It would seem that “Divine Strake” may occur after all. Divine Strake was supposed to occur earlier this year at the Nevada Test Site before a concerted local grass roots campaign put a spanner in the works. It was subsequently delayed indefinitely. A spokesman for Republican Senator Pete Domenici has announced that Divine Stake may now occur at White Sands New Mexico.

Divine Strake involves setting off a massive explosive cocktail of 700 tonnes of ammonium nitrate and fuel oil against a tunnel complex. There can be little doubt that the purpose of Divine Strake was/is to simulate the effects of a low yield “bunker buster” nuclear weapon. A bunker buster such as the envisaged Robust Nuclear Earth Penetrator is designed to burrow a few metres into rock before detonating and the resultant explosion would generate shock waves that would hopefully destroy underground complexes buried some 1000 feet into the ground.

Documents released previously state that Divine Strake is to simulate a “low yield nuclear weapon ground shock effect”. The yield of Divine Strake would be approximately 0.6kt TNT. The low yield B61 gravity bomb has yields ranging from 0.3 to 170kt. The current penetrator, the B61-11 has a yield of 400kt. The envisaged RNEP is to be based on the 1.2 megaton B83.

The Bush administration continues to push the envelope on the low yield earth penetrator despite concerted public and congressional opposition. The danger of low yield nuclear weapons is that they would erode the firewall between conventional and nuclear war. Advocates of the RNEP argue that the low yield penetrator is more “useable” than other nuclear weapons. In fact in the US nuclear war plan, OPLAN 8044 Rev 05 (the SIOP has been given the chop), we begin to see the “integration of conventional strike plans into the war plan.” The implications that all this would have for strategic stability should be pretty clear.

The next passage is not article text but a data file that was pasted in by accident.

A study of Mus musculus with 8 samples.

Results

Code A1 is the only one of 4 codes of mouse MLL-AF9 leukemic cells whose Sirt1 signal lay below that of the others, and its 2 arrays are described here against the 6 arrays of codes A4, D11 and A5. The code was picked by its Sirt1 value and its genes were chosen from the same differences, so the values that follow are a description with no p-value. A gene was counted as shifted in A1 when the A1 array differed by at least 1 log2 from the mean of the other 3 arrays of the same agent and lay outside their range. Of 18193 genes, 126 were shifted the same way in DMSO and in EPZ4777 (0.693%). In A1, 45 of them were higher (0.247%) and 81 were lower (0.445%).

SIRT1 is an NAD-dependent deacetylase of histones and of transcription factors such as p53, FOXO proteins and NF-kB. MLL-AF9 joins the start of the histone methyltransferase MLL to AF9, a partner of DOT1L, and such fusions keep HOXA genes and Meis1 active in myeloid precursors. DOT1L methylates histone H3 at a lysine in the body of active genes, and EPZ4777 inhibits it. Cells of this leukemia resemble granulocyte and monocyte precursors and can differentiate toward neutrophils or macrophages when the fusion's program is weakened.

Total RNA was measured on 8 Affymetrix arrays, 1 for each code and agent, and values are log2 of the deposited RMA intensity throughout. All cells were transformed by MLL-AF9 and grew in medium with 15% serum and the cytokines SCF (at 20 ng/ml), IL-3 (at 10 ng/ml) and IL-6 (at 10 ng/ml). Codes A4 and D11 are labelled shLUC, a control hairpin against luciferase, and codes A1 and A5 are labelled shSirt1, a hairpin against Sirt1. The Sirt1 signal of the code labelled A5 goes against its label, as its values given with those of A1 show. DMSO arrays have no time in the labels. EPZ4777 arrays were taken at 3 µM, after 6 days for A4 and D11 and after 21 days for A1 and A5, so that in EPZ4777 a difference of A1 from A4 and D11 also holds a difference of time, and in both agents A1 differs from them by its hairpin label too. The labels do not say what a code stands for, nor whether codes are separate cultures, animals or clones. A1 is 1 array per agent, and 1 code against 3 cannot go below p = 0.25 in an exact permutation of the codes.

Indeed President Bush has signed a National Security Presidential Directive that extends Global Strike to “counter all Hard and Deeply Buried Targets and to include both tactical and strategic adversarial targets”.

Perhaps such targets would include the Russian strategic command and control facility at Kosvinsky Mountain. It is worth quoting from a 2003 article by Bruce Blair in The Washington Post

…"Kosvinsky is regarded by U.S. targeteers as the crown jewel of the Russian wartime nuclear command system, because it can communicate through the granite mountain to far-flung Russian strategic forces using very-low-frequency (VLF) radio signals that can burn through a nuclear war environment. The facility is the critical link to Russia's "dead hand" communications network, designed to ensure semi-automatic retaliation to a decapitating strike.
"This doomsday apparatus, which became operational in 1984 during the height of the Reagan-era nuclear tensions, is an amazing feat of creative engineering. It features hard radio nodes near Moscow that can use remote control to launch communications rockets, which in turn can launch virtually the entire Russian missile force without human intervention. But the Moscow-area radio nodes have grown vulnerable over the past 20 years. Kosvinsky restores Russia's confidence in its ability to carry out a retaliatory strike.
"Kosvinsky came on line recently, which could be one explanation for U.S. interest in a new nuclear bunker buster. If there's a new item on the target list, U.S. strategy requires a weapon to destroy it. Even with a "robust nuclear earth penetrator," as the bunker buster is called, destroying Kosvinsky is not an easy assignment; the command center is protected by roughly 1,000 feet of granite…"

It would be interesting to see the damage expectancy calculations for the RNEP and Kosvinsky Mountain.